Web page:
You have been hearing a lot of talk about weeping tiles? Wondering if you truly need them? Here is a short guide to this mechanism, consisting of brief explanations for everything you need to know about weeping tile. However, it is always recommended that you schedule an appointment with the plumber since drainage issues are better solved in practice than in theory:
Contrary to the name, a weeping tile isn’t a tile at all, but a system of carefully connected pipes. They are placed in the soil/ground and collect water with the help of gravity. The weeping tile has tiny holes on its surface which gather the water as soon as it reaches them. Then, with the force of gravity, the water moves through the determined path and away from your home and foundation. This is accomplished by cleverly placing the pipes throughout the basement or backyard in such as a way that water will be gently led to the exit.
The main purpose of a weeping tile is to keep your home safe from excess water. It is usually found in interior basement waterproofing systems, connected with a sump pump. The weeping tile gathers excess water and transfers it to the sump pump from where it is pumped out to an appropriate disposal area. But how does the water accumulate in the ground?
Under each home, there are water tables. In some areas with rainier climates, the water tables rise higher and touch the surface – your basements. Before water enters the interior, a weeping tile gathers every drop and carries it as further from your foundation as possible. With the help of a weeping tile, every home can stay nice and dry, protected from unwanted floods, mold growth and foundation cracks.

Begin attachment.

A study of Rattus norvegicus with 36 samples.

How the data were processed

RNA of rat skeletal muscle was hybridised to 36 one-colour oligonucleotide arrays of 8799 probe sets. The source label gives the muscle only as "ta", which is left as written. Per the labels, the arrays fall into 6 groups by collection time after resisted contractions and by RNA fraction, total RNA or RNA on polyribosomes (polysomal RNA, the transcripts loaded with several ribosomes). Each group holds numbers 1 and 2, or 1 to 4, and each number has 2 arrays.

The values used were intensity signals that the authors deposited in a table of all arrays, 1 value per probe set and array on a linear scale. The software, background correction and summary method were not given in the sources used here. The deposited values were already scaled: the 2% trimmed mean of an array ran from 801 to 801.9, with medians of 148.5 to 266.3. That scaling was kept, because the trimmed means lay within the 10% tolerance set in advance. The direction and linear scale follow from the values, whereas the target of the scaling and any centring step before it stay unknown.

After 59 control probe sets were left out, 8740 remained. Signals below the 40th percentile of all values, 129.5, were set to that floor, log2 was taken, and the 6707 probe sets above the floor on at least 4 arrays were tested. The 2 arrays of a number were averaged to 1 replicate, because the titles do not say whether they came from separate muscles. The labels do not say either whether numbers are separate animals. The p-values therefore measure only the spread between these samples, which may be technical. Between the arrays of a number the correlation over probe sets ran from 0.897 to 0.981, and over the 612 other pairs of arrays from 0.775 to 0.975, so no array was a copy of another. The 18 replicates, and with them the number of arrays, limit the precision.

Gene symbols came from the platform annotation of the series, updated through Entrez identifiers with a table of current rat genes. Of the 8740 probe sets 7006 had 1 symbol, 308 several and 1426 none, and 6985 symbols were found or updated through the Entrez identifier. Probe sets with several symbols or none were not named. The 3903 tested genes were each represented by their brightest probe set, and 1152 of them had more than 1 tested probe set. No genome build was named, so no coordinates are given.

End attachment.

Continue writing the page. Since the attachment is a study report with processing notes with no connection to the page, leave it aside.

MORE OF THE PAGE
The force of water shouldn’t be underestimated! When it reaches a weak point such as old and loose concrete, it will surely use it as an advantage and break into your interior. That is mostly how floods occur. But besides being a part of a basement waterproofing method, a weeping tile can also be used for different preventive measures. The basement isn’t the only place where water accumulates, actually, the most vulnerable places are backyards and window wells.
Some homes, especially those in rainy climates, have weaker soil – more prone to accumulating water. The backyards of these homes are slippery, swimming in water and filled with dead flowers. This is why weeping tiles are also used for backyard draining. By gathering excess water, this mechanism maintains a balance in your garden, ensuring beautiful flowers and a dry basement at the same time. If you have tons of rain throughout the year, your window well must have been flooded at least twice. The third usage of weeping tiles is in window wells, where they ensure maximum efficiency and functionality, protecting your home from unwanted water sprees.